When Alton Jones attended college, his study habits were sidetracked. "I did as little of my homework as I could to get by," he recalls. "In high school I was pretty good about doing my homework because I had some accountability with my parents." Now that he fishes for a chance to win the $100,000 top prize of a Bassmaster Elite Series event, Jones has plenty of incentive to do his homework again.
"Fishing is a little different because my drive and desire to succeed in tournaments keeps me accountable," he says. Homework becomes especially important to Jones when he sees new fisheries on the Elite Series schedule.
"The first thing I do is hit the panic button," he says. "There is always a comfort zone when you have familiarity with the water, like at Guntersville in mid April I have a lot of experience there and have done well there. I know what kind of mode the fish are going to be in and some areas that are going to hold some big fish. So I am starting to form a plan."
Before he can start formulating a plan for unfamiliar waters, Jones goes online to gather as much information as he can about the new tour stop. His first step is to research tournament results. "West Point is a perfect example," says Jones. "I have never laid eyes on the lake, and it is coming up on the Elite Series next year.
So the first thing I am going to do is find out what I need to be catching to win and what I need to catch to do well. I want to know where the bar is set and what the winning weight on that lake is usually." Tournament results can also give him some insight on which sections of a lake produce the biggest stringers. Other details he gathers from the Internet include the lake level history and the long-term weather trends for the area (available on www.weather.gov).
By researching the weather patterns for a couple of months, Jones can determine if the lake is in extended drought conditions that push the fish offshore or if torrential rains and warmer than normal weather has kept the fish shallow.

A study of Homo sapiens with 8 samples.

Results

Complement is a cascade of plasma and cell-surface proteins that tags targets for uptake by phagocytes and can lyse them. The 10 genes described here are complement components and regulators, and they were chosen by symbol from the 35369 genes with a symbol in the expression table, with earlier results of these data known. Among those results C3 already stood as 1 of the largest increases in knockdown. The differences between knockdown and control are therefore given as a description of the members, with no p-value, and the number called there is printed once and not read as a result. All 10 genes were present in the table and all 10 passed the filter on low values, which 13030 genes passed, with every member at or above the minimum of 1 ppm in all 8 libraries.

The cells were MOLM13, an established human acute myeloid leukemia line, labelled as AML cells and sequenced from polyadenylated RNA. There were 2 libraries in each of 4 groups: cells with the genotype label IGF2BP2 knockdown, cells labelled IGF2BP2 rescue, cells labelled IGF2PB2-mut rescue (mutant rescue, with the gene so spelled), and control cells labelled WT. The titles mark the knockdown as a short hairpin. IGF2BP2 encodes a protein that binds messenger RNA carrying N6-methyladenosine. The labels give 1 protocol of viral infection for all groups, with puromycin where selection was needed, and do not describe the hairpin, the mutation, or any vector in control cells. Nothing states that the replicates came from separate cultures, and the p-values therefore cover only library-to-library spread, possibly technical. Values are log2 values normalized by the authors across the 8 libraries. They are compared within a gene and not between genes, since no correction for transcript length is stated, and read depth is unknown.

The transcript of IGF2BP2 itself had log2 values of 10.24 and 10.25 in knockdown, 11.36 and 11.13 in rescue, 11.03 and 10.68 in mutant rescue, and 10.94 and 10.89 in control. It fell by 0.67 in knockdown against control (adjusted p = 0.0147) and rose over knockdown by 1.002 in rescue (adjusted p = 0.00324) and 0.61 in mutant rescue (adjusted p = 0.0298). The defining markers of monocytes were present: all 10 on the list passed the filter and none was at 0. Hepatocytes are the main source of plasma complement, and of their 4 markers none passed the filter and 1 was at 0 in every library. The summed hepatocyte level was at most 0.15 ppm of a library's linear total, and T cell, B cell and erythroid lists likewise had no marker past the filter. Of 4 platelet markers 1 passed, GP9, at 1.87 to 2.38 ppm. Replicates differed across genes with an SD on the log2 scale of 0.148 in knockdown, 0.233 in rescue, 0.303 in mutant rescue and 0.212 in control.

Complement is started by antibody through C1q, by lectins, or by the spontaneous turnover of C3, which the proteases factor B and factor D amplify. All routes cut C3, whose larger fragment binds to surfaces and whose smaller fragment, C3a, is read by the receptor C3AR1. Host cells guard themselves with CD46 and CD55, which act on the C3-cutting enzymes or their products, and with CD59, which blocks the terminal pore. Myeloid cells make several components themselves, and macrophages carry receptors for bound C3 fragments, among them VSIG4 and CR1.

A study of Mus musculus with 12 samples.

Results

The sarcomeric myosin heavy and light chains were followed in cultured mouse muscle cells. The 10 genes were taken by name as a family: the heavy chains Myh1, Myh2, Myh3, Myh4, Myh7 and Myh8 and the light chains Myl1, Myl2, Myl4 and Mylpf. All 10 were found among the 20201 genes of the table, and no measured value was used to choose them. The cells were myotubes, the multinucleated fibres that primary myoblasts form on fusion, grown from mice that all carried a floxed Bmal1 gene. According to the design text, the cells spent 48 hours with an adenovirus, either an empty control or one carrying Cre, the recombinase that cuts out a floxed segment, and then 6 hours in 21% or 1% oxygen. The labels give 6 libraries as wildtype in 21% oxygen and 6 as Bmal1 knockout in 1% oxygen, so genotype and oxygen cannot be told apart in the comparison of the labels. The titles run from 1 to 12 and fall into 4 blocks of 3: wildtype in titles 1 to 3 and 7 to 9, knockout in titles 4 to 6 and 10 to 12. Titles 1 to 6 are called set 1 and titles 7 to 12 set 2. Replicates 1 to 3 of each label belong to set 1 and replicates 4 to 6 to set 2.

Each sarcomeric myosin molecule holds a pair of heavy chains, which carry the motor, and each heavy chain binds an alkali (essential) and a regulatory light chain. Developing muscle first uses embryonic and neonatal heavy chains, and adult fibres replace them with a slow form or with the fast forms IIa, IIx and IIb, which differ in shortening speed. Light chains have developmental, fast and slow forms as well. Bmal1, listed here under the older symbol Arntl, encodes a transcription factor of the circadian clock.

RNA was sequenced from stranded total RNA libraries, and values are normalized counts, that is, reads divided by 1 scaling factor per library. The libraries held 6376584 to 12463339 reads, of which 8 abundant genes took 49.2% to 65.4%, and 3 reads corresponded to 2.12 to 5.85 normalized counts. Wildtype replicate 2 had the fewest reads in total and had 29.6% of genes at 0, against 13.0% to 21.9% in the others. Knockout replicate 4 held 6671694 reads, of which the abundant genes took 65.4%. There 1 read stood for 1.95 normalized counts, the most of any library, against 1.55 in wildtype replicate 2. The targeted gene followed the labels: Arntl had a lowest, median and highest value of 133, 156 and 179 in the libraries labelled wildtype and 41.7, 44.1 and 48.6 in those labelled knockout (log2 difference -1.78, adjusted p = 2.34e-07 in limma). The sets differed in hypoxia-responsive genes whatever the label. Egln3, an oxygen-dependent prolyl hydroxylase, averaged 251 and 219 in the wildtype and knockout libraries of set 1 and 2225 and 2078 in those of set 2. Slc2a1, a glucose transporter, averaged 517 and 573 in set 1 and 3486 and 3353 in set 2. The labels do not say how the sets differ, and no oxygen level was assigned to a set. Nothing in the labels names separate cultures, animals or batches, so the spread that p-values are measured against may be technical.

Surfing the Web can also provide clues about the lake's water clarity. "I can find out if it is the same on the main lake and down by the dam as it is up the river," says Jones. When gathering information from the Internet, Jones makes sure to check multiple sites. "You have to be careful and take some information with a grain of salt," he warns. "You can't really rely on it as gospel truth. If I can find multiple sources corroborating the same thing, then I figure there is something to it."
Map reading is the second step of Jones' research on unfamiliar waters. Laying a paper map on his bed and looking at it from a distance helps Jones quickly determine the largest areas of deep and shallow waters and how the river channel winds through the reservoir.
The 2008 Bassmaster Classic champion also relies on the Navionics chip in his boat for his map studies. "A lot of times the electronic Hot Maps are more accurate than the paper maps," he says. Jones also goes online to look at a Google Earth map of the lake to search for spots on the satellite photo that might be missing on the paper map.
Studying his maps can help Jones target the areas he plans on fishing based on the time of year the tournament will be held. "If I am going somewhere new in March, I can probably eliminate most of the main body of the lake, so I will be looking at the creeks and coves," says Jones. The Texas pro estimates he spends about 12 hours studying an unfamiliar lake.
"Home work is easy to do when it is something that you want to do." It's also easy to do when the passing grade is a $100,000 paycheck. Editor's Note: If you have a story idea you would like to vote on for an upcoming poll, send your idea to firstname.lastname@example.org.